Sunday, May 20, 2007

The social mobility myth - part 2

There is an article in The Sunday Telegraph which explores the point I was making earlier in the week on social mobility. Its worth reading in its entirety ( sorry I can't identify the author to credit ), but I leave a few quotes below (highlighting with underlining is mine):

    Most people would probably share Mr Willetts' two assumptions. They certainly now amount to the orthodox view within much of academic sociology, which has for decades taken it for granted that differences in achievement between individuals and groups must be explained by some form of social injustice: if society were completely fair, so the orthodoxy goes, there would be no differences in what people were capable of achieving.

    There is, however, an increasing amount of evidence that this is not true. "Just about all the research that has been done on this topic demonstrates that intelligence is not randomly distributed across society," says Ben Sacks, a former professor of psychiatry at Charing Cross Hospital. "Intelligent, well-educated women tend to marry intelligent, well-educated men, and they tend to have intelligent children who end up being well-educated.

And latter on ...

    So as a society comes to the egalitarian ideal of treating everyone equally, it will not see social mobility increase: on the contrary, social mobility will decrease. One consequence is that decline in social mobility could be an indicator of a fairer, more just society.

Now I've missed out a lot of the argument presented. Of especial interest is how social mobility is measured and the underlying assumptions.

But now let me add something - if all this is true, and I think it is - then the measure being proposed to create social mobility will be anti-meritocratic ! In effect a sort of educational 'A' list will be created where those who will win will be decided before the process is started, and many deserving and capable people (ie the children of the middle class) will have their life chances ruined in the name of political correctness.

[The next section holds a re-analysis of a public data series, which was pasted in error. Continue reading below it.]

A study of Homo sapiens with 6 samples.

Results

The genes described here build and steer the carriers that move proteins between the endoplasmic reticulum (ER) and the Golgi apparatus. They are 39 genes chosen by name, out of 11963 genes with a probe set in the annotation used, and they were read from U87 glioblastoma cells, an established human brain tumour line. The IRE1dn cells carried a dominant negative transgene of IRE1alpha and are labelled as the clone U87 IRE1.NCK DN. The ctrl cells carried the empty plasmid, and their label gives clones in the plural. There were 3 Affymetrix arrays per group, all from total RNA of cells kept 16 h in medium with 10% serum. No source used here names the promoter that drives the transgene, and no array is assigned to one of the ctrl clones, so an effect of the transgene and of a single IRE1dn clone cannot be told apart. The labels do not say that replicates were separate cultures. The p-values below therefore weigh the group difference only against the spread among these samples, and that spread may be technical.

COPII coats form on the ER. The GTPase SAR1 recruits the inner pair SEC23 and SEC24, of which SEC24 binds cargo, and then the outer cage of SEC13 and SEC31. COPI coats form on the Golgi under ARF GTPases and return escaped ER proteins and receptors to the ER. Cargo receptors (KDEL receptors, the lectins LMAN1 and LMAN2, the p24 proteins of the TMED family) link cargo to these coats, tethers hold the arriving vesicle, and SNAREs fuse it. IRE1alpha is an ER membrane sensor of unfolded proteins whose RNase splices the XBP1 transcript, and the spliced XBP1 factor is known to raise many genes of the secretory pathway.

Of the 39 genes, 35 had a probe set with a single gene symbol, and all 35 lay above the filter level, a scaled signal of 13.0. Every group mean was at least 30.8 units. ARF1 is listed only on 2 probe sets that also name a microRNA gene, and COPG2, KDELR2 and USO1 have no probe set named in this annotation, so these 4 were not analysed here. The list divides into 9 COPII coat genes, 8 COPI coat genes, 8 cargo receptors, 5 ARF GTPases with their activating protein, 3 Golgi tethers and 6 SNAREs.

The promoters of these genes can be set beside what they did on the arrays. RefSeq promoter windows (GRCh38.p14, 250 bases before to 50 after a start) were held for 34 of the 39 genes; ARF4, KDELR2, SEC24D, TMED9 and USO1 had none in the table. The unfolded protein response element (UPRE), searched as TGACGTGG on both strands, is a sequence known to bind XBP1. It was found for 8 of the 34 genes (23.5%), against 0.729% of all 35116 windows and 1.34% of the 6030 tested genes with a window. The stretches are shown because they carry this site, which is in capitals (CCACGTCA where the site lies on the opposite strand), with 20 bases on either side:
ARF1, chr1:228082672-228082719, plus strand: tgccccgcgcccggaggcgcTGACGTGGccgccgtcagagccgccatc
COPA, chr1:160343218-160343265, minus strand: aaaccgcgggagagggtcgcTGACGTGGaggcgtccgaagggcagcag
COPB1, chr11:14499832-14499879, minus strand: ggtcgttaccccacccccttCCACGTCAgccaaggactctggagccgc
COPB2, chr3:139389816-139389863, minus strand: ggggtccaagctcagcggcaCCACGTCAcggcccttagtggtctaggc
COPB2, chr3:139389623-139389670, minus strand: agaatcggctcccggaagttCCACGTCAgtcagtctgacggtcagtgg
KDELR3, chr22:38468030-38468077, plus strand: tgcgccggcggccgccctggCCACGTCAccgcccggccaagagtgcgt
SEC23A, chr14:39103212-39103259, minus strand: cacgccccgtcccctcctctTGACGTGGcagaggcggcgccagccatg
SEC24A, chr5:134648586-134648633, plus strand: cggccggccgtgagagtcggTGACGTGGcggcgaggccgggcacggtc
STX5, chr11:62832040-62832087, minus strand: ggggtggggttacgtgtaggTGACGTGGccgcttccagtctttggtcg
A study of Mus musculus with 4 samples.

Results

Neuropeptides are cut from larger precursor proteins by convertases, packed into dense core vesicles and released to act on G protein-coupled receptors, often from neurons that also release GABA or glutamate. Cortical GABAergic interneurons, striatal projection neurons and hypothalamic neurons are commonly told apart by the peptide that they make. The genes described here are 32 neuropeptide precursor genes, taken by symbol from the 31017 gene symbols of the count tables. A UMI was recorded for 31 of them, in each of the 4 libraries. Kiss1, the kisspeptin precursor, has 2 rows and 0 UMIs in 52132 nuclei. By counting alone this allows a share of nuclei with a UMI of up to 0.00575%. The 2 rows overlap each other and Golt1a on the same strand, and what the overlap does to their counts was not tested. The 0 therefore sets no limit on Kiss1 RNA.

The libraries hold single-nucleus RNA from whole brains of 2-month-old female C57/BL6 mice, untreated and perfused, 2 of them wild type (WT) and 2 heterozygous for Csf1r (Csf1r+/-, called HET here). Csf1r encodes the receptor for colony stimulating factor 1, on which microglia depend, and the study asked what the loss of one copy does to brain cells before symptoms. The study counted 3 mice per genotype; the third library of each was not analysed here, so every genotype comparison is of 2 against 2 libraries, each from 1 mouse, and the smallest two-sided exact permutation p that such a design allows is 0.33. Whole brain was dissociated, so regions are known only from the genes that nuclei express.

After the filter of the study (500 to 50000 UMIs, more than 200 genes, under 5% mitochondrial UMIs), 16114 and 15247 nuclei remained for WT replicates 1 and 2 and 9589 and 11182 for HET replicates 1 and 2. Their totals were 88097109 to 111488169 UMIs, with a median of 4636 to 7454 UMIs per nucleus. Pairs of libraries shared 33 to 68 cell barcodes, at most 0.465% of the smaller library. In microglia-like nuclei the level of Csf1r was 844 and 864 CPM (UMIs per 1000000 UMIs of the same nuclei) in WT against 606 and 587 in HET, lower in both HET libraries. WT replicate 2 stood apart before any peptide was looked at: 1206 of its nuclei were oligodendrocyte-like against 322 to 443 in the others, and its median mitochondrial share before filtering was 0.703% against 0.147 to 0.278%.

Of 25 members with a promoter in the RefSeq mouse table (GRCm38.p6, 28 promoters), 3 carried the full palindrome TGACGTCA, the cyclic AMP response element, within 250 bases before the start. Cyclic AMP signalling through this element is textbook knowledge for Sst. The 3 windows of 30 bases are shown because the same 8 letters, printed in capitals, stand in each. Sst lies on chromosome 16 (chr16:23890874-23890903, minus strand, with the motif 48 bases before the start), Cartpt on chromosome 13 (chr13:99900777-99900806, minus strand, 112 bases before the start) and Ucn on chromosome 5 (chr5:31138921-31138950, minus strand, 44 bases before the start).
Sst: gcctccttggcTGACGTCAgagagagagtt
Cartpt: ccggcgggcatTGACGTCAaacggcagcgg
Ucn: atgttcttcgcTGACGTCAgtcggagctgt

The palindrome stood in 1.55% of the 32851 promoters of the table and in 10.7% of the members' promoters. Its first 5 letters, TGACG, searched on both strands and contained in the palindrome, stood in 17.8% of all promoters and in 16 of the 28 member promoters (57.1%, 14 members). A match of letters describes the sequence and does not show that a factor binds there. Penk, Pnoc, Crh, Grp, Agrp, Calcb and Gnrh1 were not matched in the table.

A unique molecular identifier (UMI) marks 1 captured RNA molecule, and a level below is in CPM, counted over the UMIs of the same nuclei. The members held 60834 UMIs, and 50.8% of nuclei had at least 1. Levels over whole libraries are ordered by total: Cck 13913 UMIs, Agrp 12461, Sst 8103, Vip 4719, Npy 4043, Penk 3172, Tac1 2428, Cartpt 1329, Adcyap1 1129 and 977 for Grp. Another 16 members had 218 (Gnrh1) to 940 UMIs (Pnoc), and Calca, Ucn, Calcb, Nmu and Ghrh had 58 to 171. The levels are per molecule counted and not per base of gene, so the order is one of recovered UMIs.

Also those uplifted children will never know if they really had merit or not. To be sure a non-objective system run by the educational establishment can be guaranteed to be politically correct - ie discriminatory.

David Willetts and David Cameron are betraying peoples children - other peoples children they perhaps reassure themselves. So perhaps they don't care, as long as this gets them what they want ( I suspect that's a bit harsh on David Willetts - but no more so than the spin being used against those in the party that wanted this thought through and agreed.). David Cameron's attempt to bounce the party and then insult its membership by talking about the "shallow end" of the educational debate is equally unimpressive. My opinion of them has suffered considerably over the last week.

Update: Nadine Dorries has been in great form this week - see her last post here on the subject of the education policy announcements.

Also see this article in The Daily Telegraph on the abilities of students and their social backgrounds.

1 comment:

james higham said...

Underneath all this, hovering about like a shark in the shallows, is the notion that the unequal must be forcibly made equal.